Benjamin Gibson, a remarkable twelve-year-old from Mansfield, Texas, along with a group of “walkers” from the United States, Britain and Australia, arrived in Lebanon in early September, 1998 to walk the streets apologizing to the people they meet. Wearing T-shirts and baseball caps printed with the words “We apologize”, they read out and hand out a letter which says, “We deeply regret the atrocities committed in the name of Christ by our predecessors.”
Benjamin is part of this modern-day effort to apologize for destruction and plunder wrought by Christian Crusaders 900 years ago in the Middle East, in the hope that it will foster better understanding between Christians and Muslims and between Western countries and the Middle East. When asked about his participation in this “Reconciliation Walk”, Benjamin explained: “The conflict of East and West, Christians and Muslims – the roots are in the Crusades. I’ve been doing research on the Crusaders since I was six. I told my mom I want to apologize for this. It’s like a debt that hasn’t been paid.” His feelings were so strong that he took off time from school and persuaded his mother, Nancy Gibson, to join him on this walk. His mother explained: “He was fascinated by the stories. He was really moved, struck by the horror and how Christ was misused to slaughter people.”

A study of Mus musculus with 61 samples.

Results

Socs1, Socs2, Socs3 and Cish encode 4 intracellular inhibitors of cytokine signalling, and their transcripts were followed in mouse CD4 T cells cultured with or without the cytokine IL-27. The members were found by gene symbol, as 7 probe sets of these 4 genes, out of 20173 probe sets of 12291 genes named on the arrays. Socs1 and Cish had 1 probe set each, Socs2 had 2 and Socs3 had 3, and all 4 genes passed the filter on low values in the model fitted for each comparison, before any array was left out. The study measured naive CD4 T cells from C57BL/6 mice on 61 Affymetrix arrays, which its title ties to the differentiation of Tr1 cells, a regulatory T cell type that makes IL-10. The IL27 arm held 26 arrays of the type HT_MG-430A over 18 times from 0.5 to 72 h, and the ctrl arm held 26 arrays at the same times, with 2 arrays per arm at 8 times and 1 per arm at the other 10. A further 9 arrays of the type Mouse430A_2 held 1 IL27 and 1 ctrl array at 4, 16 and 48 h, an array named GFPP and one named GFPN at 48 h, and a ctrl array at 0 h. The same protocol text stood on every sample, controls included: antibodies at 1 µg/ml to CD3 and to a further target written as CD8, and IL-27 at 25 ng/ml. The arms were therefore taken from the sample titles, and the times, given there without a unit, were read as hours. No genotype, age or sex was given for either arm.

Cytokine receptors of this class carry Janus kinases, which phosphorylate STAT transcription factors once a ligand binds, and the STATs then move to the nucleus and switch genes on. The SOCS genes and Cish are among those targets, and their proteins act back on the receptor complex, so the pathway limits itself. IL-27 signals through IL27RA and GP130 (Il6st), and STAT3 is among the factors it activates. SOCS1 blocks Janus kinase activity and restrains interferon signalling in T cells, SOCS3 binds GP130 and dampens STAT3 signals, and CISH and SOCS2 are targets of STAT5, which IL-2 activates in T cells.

Benjamin and the other “walkers” believe their message has contemporary relevance. Matthew Hand, a Lutheran minister from Fort Pierce, Florida, the group’s Middle Eastern director, indicates that many Arabs regard the West, and the United States in particular, as behind many of the troubles in the Middle East today. Britain and France ruled much of the region between the world wars, defining borders that remain controversial, and the United States is seen as supporting Israel’s occupation of Arab land. According to Hand: “Crusader mentality colors our relationship today and is reflected in many of the conflicts the West is involved in.”
All the “walkers”, like Benjamin, are volunteers who pay their own expenses with support from friends and their churches. Their walk began in Cologne, Germany, in 1996, and aims to retrace in stages the path of the First Crusade which invaded the Middle East in the 11th century and captured Jerusalem, slaughtering Muslims, Jews and Eastern Christians along the way. About 200 people were expected to rotate through the Lebanese walk. In March, 1999 the project will restart in Israel for the final walk to Jerusalem, which the group plans to reach on July 15, 1999, the 900th anniversary of the fall of the Holy City to the Crusaders.
* This article is based, with permission, on a September 9, 1998 Associated Press news report.